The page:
Obama Ignores Christian Charities
Our nation mourns the tragic death of American aide worker Kayla Mueller, 26, at the hands of radical Islamic terrorist group ISIS. The life of this humanitarian, a devout Christian helping Muslims in war-torn Syria, was cut terribly short. Her life was nothing but an exploitation trophy for the group’s aspirations of total domination.
These grim hostage deaths of “infidels” are getting old. But what’s getting older is the president drawing some kind of moral equivalency between Christians and ISIS.
In an expression of verbal finger-wagging only two days after ISIS burned a Jordanian pilot alive in a cage, and just days before government sources reported Kayla’s death, President Obama used his podium time at the National Prayer Breakfast to lecture American Christians on their horrid past.
“Lest we get on our high horse and think this is unique to some other place, remember that during the Crusades and the Inquisition, people committed terrible deeds in the name of Christ,” Obama warned. He also threw in Jim Crow and slavery to underscore what evil has emanated from Christians based on his erudite historical interpretation.
Both liberal and conservative pundits are perplexed by this untimely reverse condemnation.
Are Christians really ISIS-like purveyors of evil? I don’t believe so.
Unfortunately, I didn’t know Kayla, but I’ve known several “Kaylas.” Thousands of young, passionate Christians live out their faith in remote, even dangerous regions across the globe guided by New Testament scripture in which Christ commands: Love thy neighbor and help orphans and widows in their need.
“When asked what kept her going in her mission (helping Syrian refugees), Kayla Mueller said, ‘I find God in the suffering eyes reflected in mine, if this is how you are revealed to me, this is how I will forever seek you.'” (Source: theguardian.com.)
I’ve witnessed 10-year-olds spend summer vacations with their parents in Africa planting gardens for impoverished villagers, and 80-year-olds with replaced knees dig fence post-holes and build bunk beds for orphans. All around the world are teams from American churches, including Hawaii’s, sleeping in seedy dorms or tents to help out poor, sick, disabled, unskilled and uneducated people of every religion — and of no religion.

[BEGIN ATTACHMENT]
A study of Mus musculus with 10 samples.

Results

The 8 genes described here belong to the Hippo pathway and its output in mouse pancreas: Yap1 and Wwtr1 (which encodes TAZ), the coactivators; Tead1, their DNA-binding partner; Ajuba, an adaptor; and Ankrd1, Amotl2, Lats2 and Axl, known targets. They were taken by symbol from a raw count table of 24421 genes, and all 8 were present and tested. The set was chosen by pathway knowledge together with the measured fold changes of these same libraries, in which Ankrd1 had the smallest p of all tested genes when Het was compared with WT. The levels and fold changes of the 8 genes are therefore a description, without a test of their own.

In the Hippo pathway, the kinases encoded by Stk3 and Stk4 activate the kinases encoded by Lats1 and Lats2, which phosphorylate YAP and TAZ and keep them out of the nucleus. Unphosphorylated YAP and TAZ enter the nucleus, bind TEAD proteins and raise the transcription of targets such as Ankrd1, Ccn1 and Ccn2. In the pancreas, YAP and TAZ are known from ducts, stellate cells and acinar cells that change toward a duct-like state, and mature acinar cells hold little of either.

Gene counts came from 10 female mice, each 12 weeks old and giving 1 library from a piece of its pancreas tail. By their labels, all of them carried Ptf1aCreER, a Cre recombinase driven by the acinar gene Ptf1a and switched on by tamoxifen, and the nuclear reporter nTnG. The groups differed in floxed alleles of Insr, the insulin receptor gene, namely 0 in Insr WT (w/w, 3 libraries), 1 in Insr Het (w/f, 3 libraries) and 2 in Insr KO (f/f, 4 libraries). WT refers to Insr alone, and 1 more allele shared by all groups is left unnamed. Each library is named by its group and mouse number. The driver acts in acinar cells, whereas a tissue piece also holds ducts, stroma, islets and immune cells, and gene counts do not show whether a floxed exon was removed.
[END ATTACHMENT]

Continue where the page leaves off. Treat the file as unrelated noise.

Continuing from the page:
They volunteer in places like Mexico, Central and South America, the Philippines, Africa, Bangladesh, the Pacific Islands and more. Children’s Medical Ministries, Samaritan’s Purse, Global Clubfoot initiative, Free Wheelchair Mission, Medical Teams International, The Tim Tebow Foundation, Worldwide Lab Improvement, Child Fund, World Vision, Compassion International, and Feed the Children are but a few of the Christian charities serving millions of poor and sick people. Catholic Charities alone helps 46 million poor worldwide.
When in Swaziland, Africa, a few years ago, I met a Taiwanese neurosurgeon when our Heart for Africa mission team was feeding vulnerable children at a local church. I asked if he could examine the crippled leg of an 8-year-old boy named Wilfred. Then, suddenly, the doctor blurted out:
“I’m Buddhist, but I want to tell you, the Christian churches that send people here are the only hope for this country.”
Heart for Africa, the Christian mission I serve with, is led by Ian and Janine Maxwell, who abandoned their comfortable corporate world to live on a farm in AIDS-devastated Swaziland. They toil 24/7 to support the abandoned and orphaned babies (now 89) who will be under their care until at least adulthood.
Certainly many secular nonprofits serve worldwide. But a December 2011 Christian Post article cited that in a Forbes charity rating based on stringent criteria, four out of the top five were Christian charities: Gleaning for the World, Kingsway Charities, Matthew 25: Ministries and Operation Compassion.
Christians are the first to admit their shortcomings, sin and human frailties. The ones I know would rather assume the place beneath the hooves of the president’s so-called “high horse” than ride atop it.
That would have included Kayla Mueller, who wrote home from her ISIS captivity that her only sorrow was for what she was putting her mother through.